Introducing Your Puppy To Familiar Dogs/Puppies This is the perfect time to call on your friends with dogs. But it is crucial to look for dog-friendly and puppy-friendly dogs. You do not want your puppy to be a guinea pig in finding out if another dog is puppy-friendly. Puppy-friendly dogs are dogs who can tolerate a puppy jumping on their head, running around in circles, and even barking in their face. These puppy behaviors are very inappropriate dog greeting behaviors, which is why you are going to teach your puppy the proper skills in dog greeting. However, you want to help make certain that if a puppy mistake happens, the other dog can tolerate it and not hurt or scare your puppy.
- When you have found a puppy friendly dog the ideal meeting place will be outside. Pick a neutral location which can even be just a few houses down from either one of your homes. Plan on meeting on opposite sides of the street. With your puppy leashed to his front clipping harness, and some high-value dog treats in your pocket start to walk up and down the street about 3-5 houses in length. At the same time, your friend is doing the same with her dog on the opposite side of the street.
- Once it seems like both dogs are unresponsive to the other dog, have your friend and her dog come over to your side of the street 5 houses away and start to walk in the OPPOSITE direction. As your friend starts to walk, you walk your puppy behind. After a couple of houses, both of you change directions, so her dog is following your puppy.
- When each dog is once again not concerned with the other, start to close the distance between the two dogs until eventually your friend’s dog gets the opportunity to smell your puppy’s rear area. While this is happening, slip your hand inside your puppy’s harness and feed him treats. This process will do a few things. First, it will help your puppy keep 4 on the floor and focused on you. Once a little sniffing has occurred, switch smelling positions and allow your puppy to smell the other dog’s rear area.
- Once they both feel comfortable with each other, allow them to sniff each other for a few seconds, then call your puppy to you and give him a treat. This will allow your puppy to learn how to come off of other dogs, and will help keep the new canine interactions low key and more likely successful. Repeat the process of allowing the dogs to come together for little sniffing, and then calling them off of each other. Building the length of time they get to spend with each other.
- You can repeat this process, but more speeded up with each following interaction with the same dog. Each time you meet a new familiar dog, continue with the steps outlined. You will likely also be able to speed it up as your puppy learns the routine you are teaching him. But always continue to call your puppy off of interactions and give a high-value treat. This will come in handy in the future, so let the training begin now.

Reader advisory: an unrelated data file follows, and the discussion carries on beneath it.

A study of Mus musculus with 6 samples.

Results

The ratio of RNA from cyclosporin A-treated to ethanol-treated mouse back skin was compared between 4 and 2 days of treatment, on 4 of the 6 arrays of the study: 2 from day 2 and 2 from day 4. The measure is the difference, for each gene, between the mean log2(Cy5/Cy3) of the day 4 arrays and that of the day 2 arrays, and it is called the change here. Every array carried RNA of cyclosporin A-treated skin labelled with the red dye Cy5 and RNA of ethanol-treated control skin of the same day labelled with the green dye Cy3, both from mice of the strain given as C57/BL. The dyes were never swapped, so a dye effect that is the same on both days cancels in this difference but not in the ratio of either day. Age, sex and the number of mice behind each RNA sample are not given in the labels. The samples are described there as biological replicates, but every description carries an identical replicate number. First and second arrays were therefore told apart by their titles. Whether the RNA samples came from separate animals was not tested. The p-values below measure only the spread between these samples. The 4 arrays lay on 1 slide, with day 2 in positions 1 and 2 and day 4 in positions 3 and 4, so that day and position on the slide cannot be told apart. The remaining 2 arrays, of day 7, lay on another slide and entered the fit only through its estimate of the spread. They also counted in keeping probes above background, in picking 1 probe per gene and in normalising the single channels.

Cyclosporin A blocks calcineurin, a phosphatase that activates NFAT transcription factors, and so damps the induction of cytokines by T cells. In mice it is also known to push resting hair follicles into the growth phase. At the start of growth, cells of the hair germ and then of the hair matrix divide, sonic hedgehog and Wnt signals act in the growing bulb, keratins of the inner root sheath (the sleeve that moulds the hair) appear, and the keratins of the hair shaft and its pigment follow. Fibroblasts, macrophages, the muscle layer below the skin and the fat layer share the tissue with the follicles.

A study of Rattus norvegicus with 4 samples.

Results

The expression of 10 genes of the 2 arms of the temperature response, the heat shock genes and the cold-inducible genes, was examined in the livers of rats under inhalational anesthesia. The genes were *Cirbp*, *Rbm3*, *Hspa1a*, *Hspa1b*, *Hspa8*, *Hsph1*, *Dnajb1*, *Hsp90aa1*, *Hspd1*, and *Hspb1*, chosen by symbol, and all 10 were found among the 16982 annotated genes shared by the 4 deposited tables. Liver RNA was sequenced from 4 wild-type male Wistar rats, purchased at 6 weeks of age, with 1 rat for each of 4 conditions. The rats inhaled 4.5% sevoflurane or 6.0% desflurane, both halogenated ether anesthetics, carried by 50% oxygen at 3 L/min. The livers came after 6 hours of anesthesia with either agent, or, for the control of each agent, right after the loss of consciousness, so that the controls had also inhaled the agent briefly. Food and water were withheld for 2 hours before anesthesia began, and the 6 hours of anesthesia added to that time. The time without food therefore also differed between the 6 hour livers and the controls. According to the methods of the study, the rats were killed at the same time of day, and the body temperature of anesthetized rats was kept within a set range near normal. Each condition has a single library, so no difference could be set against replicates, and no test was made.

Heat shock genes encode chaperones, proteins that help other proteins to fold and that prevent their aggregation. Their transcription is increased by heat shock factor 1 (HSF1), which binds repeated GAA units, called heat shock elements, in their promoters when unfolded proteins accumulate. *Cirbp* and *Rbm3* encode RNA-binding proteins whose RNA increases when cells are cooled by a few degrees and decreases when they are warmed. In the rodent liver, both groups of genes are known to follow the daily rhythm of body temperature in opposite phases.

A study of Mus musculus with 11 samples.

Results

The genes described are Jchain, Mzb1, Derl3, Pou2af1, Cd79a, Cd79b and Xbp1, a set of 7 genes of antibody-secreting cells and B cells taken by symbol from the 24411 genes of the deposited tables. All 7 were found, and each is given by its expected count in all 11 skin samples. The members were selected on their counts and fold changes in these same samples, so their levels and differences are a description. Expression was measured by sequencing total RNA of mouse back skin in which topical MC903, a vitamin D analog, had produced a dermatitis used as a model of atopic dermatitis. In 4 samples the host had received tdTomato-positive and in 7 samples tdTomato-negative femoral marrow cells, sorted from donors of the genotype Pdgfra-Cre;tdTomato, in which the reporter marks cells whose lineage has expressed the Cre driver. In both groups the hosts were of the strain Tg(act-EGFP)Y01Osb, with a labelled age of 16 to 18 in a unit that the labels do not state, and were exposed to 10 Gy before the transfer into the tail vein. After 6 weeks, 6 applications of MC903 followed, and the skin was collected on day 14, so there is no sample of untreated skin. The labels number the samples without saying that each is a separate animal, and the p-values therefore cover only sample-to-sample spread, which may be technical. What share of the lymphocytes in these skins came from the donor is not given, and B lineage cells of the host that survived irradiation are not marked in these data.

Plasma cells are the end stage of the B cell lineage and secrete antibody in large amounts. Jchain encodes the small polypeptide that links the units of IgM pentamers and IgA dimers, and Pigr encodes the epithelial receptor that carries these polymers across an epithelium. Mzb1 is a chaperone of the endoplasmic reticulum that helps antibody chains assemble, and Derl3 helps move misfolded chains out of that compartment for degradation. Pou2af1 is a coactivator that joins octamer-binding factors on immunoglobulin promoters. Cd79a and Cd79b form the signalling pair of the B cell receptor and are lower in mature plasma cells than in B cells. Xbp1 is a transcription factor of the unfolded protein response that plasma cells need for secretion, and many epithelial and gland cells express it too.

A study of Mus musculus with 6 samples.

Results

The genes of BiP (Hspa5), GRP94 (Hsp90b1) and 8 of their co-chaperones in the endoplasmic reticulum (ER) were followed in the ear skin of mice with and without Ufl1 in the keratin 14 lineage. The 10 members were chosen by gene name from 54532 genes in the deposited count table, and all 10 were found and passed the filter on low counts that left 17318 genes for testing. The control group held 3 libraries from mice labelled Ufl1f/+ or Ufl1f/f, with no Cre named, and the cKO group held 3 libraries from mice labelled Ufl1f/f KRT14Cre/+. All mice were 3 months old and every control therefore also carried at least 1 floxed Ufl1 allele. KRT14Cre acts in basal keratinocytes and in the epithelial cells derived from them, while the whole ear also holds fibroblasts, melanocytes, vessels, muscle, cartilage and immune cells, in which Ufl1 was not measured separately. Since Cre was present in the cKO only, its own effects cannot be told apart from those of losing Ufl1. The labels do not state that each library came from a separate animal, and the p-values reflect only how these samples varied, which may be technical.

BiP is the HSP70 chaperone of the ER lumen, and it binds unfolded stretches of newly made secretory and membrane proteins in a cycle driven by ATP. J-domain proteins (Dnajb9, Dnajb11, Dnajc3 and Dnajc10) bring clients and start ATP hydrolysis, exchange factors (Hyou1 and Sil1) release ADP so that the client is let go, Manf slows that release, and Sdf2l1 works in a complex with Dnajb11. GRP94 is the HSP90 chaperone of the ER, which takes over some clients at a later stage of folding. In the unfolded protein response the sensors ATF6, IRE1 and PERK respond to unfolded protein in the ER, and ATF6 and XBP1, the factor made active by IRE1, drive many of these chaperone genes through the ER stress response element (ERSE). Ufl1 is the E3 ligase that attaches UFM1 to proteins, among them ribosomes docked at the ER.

- If your puppy is uncomfortable at any time, remove the two dogs. Do not keep your puppy there if he is not happy.
- If either dog has any issue with the food or reacts in an unfriendly way, remove the dogs from each other.
- Going for walks together with other dogs is a great way for your puppy to learn to interact with other dogs.
There will likely be a time in your puppy’s life that he will actually have the opportunity for a playmate for the afternoon. Provide the same introduction as above. When it is time to retire to your home or another friend’s home with both dogs, walk into the house or fenced in yard one dog after the other.
When your puppy is playing with other dogs, it is important to supervise play sessions to ensure they are playing safely and appropriately, so you must watch and intervene when needed. Appropriate play can quickly get out of hand and turn into aggression, particularly for dogs during adolescence since they are in the learning stages of self-control. This is one of the main reasons for teaching your puppy how to come off of other dogs. During appropriate play between the two dogs, occasionally call your puppy to you and give him a high-value treat. Do this before either dog gets too aroused and rough to keep both dogs’ arousal in check by creating pauses and breaks in play. Over time, your puppy will likely learn how to take play breaks on his own. Tip: Listen and watch your puppy during play. To help you determine if the play is tipping toward over arousal look for changes in play style, louder, rougher, body slamming or more chaotic are some examples.
- If there is a spat during play, try not to get too worried. Calmly break them up and remove them from each other. Attach each dog to their coordinating leash and harness for a little time out and rest.
- If you have enrolled in a good puppy class, or are working with a good private dog trainer, they can help you with understanding dog body language and will be able to help guide you down the right path. It is always a good idea to have a qualified coach on your team.
Do you have a social dog or puppy? Tell me in the comments.